On 27 March, Commissioner Moscovici had an exchange of views with the members of the ECON and TAX3 Parliamentary Committees on digital taxation, aggressive tax planning and the VAT package proposal.
Moscovici highlighted that multinationals are taking advantage of the tax fragmentation at European and international level and that Europe should exercise fiscal sovereignty collectively in order to avoid the risk of a race to the bottom of tax rates. He was optimistic on the possible unanimous agreement to be reached in the Council regarding the taxation of the digital sector. Furthermore, he noted that an agreement at international level still looks very far away, since the last OECD report revealed the existence of insufficient taxation of digital companies but also a lack of agreement on how to proceed on this issue. He also urged the Member States to agree by the end of 2018 on harmonising the CCCTB and to bring the tax regime in line with the digital age.
On the fight against tax fraud and tax evasion, the Commissioner stated that there are no tax havens by international standards in the EU. However, he stated that it was impossible to deny that there were aggressive taxation practices. For this reason, the Commission is working together with the Member States (i.e. Belgium, Cyprus, Luxembourg, Malta, Ireland, the Netherlands and Hungary) whose practices were reported in the European Semester budgetary process.
On VAT, Moscovici said that the Commission would present new proposals in May 2018 to move towards a definitive value-added tax regime.
On 23 March, during a European summit, Leo Varadkar (Irish Taoiseach) told that at least ten EU Member States have questions and reservations about the proposal to tax the activities of the internet giants. On the other hand, the Commission announced that more than half of the Member States have replied positively to the proposal. In particular, France is ready to use a great deal of leverage to push the proposal through. However, in general, the small countries consider that the tax will affect them, since it is designed to be divided up on a pro rata basis relating to the number of users. Furthermore, it would be Ireland in particular that would collect a great share of tax from companies on its soil (e.g. Apple) and redistribute it between the other countries in which it is payable.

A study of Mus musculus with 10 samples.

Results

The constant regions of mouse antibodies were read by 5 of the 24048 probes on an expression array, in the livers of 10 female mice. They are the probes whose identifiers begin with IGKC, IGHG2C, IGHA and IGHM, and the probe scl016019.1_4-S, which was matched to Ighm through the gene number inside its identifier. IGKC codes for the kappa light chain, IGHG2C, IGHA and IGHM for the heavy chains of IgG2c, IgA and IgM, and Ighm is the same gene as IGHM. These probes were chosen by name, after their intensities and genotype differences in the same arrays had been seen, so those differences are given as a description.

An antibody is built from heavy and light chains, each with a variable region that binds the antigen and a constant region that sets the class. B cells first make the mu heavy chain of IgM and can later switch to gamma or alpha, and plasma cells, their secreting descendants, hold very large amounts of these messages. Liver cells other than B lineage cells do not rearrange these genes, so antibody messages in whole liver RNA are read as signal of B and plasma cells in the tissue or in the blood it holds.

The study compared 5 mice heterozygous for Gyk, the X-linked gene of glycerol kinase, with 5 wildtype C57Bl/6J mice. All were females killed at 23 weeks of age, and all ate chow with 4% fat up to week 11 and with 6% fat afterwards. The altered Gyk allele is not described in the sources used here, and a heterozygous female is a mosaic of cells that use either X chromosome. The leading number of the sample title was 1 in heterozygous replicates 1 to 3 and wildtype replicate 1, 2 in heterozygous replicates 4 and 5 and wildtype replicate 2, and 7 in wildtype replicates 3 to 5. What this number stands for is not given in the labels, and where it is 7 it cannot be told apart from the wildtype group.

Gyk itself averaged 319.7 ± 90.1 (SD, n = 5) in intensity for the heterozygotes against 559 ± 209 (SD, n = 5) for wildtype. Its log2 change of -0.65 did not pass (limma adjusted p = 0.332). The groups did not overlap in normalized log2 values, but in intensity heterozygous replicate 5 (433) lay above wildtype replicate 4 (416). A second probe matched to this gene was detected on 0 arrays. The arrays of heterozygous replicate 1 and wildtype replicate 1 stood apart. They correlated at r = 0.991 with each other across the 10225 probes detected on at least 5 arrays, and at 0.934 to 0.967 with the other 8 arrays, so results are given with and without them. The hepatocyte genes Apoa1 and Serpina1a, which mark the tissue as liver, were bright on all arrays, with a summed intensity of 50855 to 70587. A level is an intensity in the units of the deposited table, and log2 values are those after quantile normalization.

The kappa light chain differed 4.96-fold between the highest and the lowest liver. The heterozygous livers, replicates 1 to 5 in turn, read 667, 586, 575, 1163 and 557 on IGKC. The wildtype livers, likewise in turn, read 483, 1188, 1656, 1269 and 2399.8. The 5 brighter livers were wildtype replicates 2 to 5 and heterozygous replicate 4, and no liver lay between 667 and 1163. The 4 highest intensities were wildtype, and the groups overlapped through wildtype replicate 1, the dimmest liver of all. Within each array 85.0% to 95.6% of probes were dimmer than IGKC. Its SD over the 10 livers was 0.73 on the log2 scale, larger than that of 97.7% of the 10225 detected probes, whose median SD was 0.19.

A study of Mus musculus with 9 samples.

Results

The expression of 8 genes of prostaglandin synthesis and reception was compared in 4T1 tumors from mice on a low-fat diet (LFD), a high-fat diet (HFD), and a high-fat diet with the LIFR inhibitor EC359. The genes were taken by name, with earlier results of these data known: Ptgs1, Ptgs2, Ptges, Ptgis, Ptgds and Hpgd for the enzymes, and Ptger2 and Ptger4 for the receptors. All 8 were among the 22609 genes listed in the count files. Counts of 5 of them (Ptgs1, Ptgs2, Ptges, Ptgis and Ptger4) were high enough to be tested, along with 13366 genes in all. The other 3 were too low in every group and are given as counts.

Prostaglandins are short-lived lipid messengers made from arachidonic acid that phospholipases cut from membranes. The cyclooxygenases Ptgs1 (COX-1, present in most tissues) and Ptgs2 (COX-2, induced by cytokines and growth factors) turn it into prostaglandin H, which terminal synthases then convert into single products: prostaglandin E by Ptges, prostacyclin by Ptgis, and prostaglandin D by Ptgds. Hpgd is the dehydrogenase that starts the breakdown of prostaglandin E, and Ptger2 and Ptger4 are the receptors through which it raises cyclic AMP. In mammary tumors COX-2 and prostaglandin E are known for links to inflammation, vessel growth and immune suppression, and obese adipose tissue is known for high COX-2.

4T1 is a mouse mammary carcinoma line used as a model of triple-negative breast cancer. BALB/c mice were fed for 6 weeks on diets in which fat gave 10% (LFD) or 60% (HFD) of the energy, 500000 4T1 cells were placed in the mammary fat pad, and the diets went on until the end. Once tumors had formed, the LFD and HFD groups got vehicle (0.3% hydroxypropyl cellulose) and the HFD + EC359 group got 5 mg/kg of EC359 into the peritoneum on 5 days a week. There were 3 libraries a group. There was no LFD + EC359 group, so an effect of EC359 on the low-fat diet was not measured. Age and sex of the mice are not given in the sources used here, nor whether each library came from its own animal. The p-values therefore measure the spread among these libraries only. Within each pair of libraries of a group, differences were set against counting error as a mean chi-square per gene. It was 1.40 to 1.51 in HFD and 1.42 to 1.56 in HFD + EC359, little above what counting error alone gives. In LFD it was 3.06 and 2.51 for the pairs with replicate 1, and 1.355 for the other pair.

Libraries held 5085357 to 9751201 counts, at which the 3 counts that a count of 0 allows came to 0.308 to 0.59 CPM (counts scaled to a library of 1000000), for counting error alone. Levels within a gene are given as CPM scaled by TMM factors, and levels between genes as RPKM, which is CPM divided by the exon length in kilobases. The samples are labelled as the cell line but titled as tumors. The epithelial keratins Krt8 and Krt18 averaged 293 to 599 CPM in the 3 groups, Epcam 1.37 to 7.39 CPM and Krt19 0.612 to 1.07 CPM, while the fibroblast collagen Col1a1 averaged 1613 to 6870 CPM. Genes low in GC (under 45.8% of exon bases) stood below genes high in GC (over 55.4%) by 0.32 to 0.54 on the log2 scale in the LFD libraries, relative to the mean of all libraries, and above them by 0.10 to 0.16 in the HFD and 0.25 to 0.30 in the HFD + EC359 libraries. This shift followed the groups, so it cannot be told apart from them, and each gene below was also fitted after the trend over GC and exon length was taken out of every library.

After the European Parliament’s internal market committee rejection of the services e-card, the Internal Market and Industry Commissioner Elżbieta Bieńkowska looks forward to relaunch this project. She tweeted “we still need progress on ecard, to provide true Single Market for companies, especially SMEs”. The European Parliament itself published a press release after the abovementioned rejection, leaving open the possibility of relaunching the legislative process. On 5 April, the Bulgarian presidency of the Council expressed its wishes to continue with the legislative work on the services e-card. On the other hand, several national delegations of western Europe, such as France and Germany, are not in favour of the proposal.